Margaret Healy wore her Irish-Catholic roots proudly in Montreal. Alan Hustak

Margaret Healy was a ‘force of nature’

By 
  • June 6, 2020

MONTREAL -- When Margaret Healy came calling, it was hard to say no.

A woman of steely charm, Ms. Healy was the long-time den mother to Montreal’s Irish Catholic community. She was 89 when she died on May 24, a victim of the COVID-19 pandemic.

“She was a symbol in the community, an icon, a civic treasure,” said former Mayor Denis Coderre, who first worked with Ms. Healy in the early 1990s when he sought election as a Liberal Member of Parliament. “Everyone knew Margaret.”

She leaves a lengthy list of accomplishments. In 2005, she became the first woman after almost two centuries to be named Grand Marshall of Montreal’s annual St. Patrick’s parade. She served as president of the United Irish Societies (UIS) in 1998 and had been a long-time warden of St. Gabriel’s Church. She was a board member of the Catholic Community Services, the Good Shepherd Community Centre and the English-speaking Catholic Council.

She was also a tireless fundraiser who helped establish the Irish Studies program at Concordia University.

Ms. Healy was a recipient of the Queen Elizabeth Diamond Jubilee medal and was recognized by the Quebec National Assembly and by the Irish government for her community work.

A life-long militant party organizer, she helped raise money to finance Justin Trudeau’s campaigns. 

On news of Ms. Healy’s death, Indigenous Affairs Minister Marc Miller posted a tweet that called her a “force of nature and pillar of the Irish community in Montreal.”

The eldest of three daughters in a prominent politician’s family, Margaret Maude Healy was born in Montreal on July 30, 1931. Her father, Thomas Patrick Healy, was the Liberal MP for St. Ann’s from 1940 until his death in 1957, and sat as a Montreal city councillor for the same district for 12 years, from 1938 until 1950.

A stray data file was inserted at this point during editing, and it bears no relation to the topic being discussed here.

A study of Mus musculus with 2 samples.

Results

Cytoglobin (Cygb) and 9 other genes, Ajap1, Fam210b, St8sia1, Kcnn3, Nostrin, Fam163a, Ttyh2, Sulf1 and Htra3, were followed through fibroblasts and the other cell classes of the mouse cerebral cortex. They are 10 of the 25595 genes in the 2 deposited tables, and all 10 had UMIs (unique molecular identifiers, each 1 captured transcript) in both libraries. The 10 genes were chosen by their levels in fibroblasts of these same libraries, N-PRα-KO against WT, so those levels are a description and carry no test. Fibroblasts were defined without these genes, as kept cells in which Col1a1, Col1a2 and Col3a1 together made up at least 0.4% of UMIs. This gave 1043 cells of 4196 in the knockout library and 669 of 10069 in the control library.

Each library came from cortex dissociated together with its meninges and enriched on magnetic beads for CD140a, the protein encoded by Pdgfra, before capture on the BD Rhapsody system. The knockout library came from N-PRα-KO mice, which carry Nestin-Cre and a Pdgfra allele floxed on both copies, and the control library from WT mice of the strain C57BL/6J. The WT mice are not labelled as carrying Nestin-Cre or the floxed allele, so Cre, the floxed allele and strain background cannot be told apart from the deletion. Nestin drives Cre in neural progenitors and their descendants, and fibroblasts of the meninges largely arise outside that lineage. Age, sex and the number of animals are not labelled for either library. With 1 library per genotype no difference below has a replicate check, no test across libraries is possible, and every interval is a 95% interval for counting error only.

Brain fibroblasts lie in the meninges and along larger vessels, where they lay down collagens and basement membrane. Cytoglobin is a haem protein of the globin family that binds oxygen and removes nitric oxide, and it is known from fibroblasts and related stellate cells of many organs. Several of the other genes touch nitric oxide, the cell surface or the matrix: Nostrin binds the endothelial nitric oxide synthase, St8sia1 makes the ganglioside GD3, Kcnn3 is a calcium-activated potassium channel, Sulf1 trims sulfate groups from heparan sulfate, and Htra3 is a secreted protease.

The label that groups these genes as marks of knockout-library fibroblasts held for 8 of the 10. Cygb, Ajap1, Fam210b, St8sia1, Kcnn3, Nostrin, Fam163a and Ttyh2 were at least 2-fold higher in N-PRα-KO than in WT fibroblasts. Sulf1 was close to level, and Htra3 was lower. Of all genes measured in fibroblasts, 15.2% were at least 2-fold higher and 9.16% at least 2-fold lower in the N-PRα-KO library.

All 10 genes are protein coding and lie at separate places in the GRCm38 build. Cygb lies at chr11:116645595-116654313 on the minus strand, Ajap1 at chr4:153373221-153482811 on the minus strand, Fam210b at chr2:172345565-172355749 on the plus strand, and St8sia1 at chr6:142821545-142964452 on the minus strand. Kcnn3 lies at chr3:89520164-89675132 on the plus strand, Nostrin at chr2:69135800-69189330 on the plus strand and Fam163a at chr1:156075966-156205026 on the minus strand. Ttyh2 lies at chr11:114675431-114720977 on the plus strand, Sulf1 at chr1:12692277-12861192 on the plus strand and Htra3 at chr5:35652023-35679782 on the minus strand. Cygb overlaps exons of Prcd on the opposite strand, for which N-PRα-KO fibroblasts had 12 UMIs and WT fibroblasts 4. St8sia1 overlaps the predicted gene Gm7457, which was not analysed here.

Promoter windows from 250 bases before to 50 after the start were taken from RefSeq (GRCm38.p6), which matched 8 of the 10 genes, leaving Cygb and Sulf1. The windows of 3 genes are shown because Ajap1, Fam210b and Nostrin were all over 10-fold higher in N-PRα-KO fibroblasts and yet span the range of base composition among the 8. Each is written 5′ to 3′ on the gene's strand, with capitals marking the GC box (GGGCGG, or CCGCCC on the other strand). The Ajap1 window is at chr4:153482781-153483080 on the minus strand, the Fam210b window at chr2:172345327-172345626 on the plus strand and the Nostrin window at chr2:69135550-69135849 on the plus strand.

Ms. Healy grew up in Pointe-Saint-Charles, attended St. Gabriel’s elementary school and then went to a boarding school in St. Laurent run by the Sisters of the Holy Cross.

“We were taught through example that our duty was to love God, respect others, care for our neighbours and help those in need,” she told author Dave Flavell for a book, Community and the Human Spirit.

She took a business course offered by the sisters of the Congregation of Notre Dame and, while still in her teens, honed her considerable social and political skills as the appointments secretary in her father’s Montreal office.

In 1952, she married Anthony Sherbo, an electrician with the Department of Public Works. They had two children. After the marriage failed, Ms. Healy went to work with a public relations firm to support her family and began volunteering at the Cedars Cancer Fund at the Royal Victoria Hospital.

In addition to being chair of the United Irish Societies, she was instrumental on the organizing committee that brought the Irish immigrant ship Jeanie Johnston to Montreal. 

Even illness did not slow her down. In 2014, the Christmas baskets distributed by the UIS to needy families at Christmas were packed under her supervision at her home, and four years ago she walked through sub-zero temperatures in the annual St. Patrick’s parade.

She leaves her children, Sheila and Michael, and two grandchildren. Her second husband, Ken O’Donnell, died in 2016.